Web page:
Hi, I'm Ron, the new editor of San Diego CityBeat. In issues to come, this space won't be focused on me. But there's a new guy at the helm of this irreverent institution. So I'm going to introduce myself with some… potty humor.
If we were already acquainted, I'd invite you to my Downtown walkup for a beverage.
Don't worry; I would not follow you around with a camera, like Christopher Walken in “The Continental” sketch from Saturday Night Live.
You would, however eerily, be offered the house drink, a Bombay Sapphire on the rocks, with an olive. If I've just had a good day at the poker table at the Palomar Card Club on El Cajon Boulevard, the olives will be the fancy, cheese-stuffed kind.
After a few drinks, you might have to excuse yourself to use the bathroom. Here it comes. The restroom is near the front door, to the right of the apartment call buzzer. This old-fashioned buzzer is shaped like a phone receiver, and it protrudes from the middle of a canvas, painted by my daughter, to look like a British phone booth.
So you pass by this clever mixed-media piece and now you're standing alone in the bathroom. There's a silver, rectangular picture frame over the toilet. The frame bounds a bold-typed, allcaps witticism: “CURSE THE DARKNESS. BETTER YET, LIGHT A CANDLE.”
On one hand, it's a homespun ha-ha. It implies that if you do number two, you should diffuse any malodorous after-effects with the supplied pack of matches and World Market jasmine-and-magnolia scented candle.
But the proverb, slightly re-arranged for my loo, is attributed to several notable figures. John F. Kennedy once used the remark in a speech, and the words originated in a 1961 presentation given at a Human Rights Day ceremony by Amnesty International founder Peter Benenson.
Curse the darkness. Dylan Thomas wrote that we should “rage against the dying of the light.” We will. In the hands of a humble new editor, CityBeat will continue this alt-weekly tradition. My experience has shown that public figures lie, disambiguate and speak in circular patterns that make you wonder if they get paid by the word. We'll continue to call them out.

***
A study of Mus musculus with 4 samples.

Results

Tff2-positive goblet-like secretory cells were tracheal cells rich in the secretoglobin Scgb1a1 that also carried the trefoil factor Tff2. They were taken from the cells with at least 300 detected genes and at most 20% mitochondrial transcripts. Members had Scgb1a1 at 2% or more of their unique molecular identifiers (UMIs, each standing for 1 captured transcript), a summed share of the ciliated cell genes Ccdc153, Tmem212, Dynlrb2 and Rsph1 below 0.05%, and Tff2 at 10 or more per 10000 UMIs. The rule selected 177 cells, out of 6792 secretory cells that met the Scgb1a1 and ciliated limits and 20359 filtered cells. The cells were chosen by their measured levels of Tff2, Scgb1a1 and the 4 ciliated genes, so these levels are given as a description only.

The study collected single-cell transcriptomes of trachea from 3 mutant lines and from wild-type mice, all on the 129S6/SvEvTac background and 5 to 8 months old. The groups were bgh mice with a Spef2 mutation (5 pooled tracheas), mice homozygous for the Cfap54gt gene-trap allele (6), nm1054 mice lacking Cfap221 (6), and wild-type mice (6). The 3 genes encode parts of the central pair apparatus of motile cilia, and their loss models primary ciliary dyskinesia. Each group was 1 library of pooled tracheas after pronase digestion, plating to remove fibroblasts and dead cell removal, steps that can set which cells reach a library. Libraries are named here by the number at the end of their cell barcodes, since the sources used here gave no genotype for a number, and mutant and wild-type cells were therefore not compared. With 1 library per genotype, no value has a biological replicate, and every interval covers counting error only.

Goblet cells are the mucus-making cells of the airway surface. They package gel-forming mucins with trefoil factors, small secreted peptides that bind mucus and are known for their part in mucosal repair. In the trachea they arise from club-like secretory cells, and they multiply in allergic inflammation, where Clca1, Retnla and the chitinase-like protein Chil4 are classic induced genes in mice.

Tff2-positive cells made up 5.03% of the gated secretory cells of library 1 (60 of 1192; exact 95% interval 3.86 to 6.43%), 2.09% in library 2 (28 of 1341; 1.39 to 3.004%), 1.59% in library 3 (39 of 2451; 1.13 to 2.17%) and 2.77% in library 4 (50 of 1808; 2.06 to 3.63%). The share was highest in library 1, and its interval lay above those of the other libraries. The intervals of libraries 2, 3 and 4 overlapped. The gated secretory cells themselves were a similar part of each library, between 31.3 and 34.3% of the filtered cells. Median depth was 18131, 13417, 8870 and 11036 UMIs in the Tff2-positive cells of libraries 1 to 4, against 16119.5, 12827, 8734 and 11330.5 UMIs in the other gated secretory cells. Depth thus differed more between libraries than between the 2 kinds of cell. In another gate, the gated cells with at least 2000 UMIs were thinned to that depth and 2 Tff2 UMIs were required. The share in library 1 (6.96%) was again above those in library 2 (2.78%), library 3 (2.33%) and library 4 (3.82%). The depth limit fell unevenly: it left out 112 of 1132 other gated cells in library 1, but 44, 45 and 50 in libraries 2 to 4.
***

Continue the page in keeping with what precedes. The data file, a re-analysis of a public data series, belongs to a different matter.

Light a candle. Our rage may cause us to take dumps on politicians, sports-team owners and other dark forces who smile at TV cameras while seeking to bilk the hard-working local citizenry. But with tempered rage, we'll strive to offer solutions, too.
Yeah, we'll stink up the place if our local leaders foul things up. And we'll also celebrate solutions that work for everybody, whatever your race, color, creed, sexual orientation and even if you happen to be a guy living in a van down by the river.
This publication is a team effort, and I'd like to acknowledge the current fulltime staff and the freelance contributors, a smart group of dedicated specialists in the niches of news, arts, culture, music, food and drink. The in-office staff is assisting me in learning when all the columnists' pieces are due, and providing technical guidance on stuff like how a mouse won't work if it's not connected to a monitor.
Special thanks goes to departed editor David Rolland, who spent many hours walking me through the several hundred Google docs he'd prepared for whom ever his replacement might have been.
It's also been a huge help to have former fulltime CityBeat writing maven Kelly Davis stay on to help with editing chores and other behind-the-scenes tasks. Davis is helping create a smooth transition, one that if successful, will be a relief to the publisher, the gruff-but-loveable Kevin Hellman.
I've known Hellman for two decades. And, yes, that's how long I've been working in San Diego media, including a dozen years as executive editor at San Diego Magazine.
My byline has been on a spectrum of local stories—politics, sports, lifestyle, design and investigative pieces, including jabs at the office of former San Diego District Attorney Paul Pfingst and pedophiles in the local Roman Catholic Diocese. I've also penned stories published in Maxim (“Signature Sex Moves”) and Cosmo (“How to Turn Him on in 5 Minutes”). Mom was so proud of the latter.
Most recently I was in charge of the editorial content for a national, nonpartisan political website called Ballotpedia.org. It's an encyclopedia of all things connected to U.S. politics. It was a tough place to depart. But I missed having a forum in which to write, review and rant about San Diego.
It's good to be back on home turf. I've got some fire left in me. That fire isn't going to encourage mobs to run around town with torches. But we will ignite controlled burns, and let fire be the tool that powers our light.
And, if we see brown, we'll flush it down.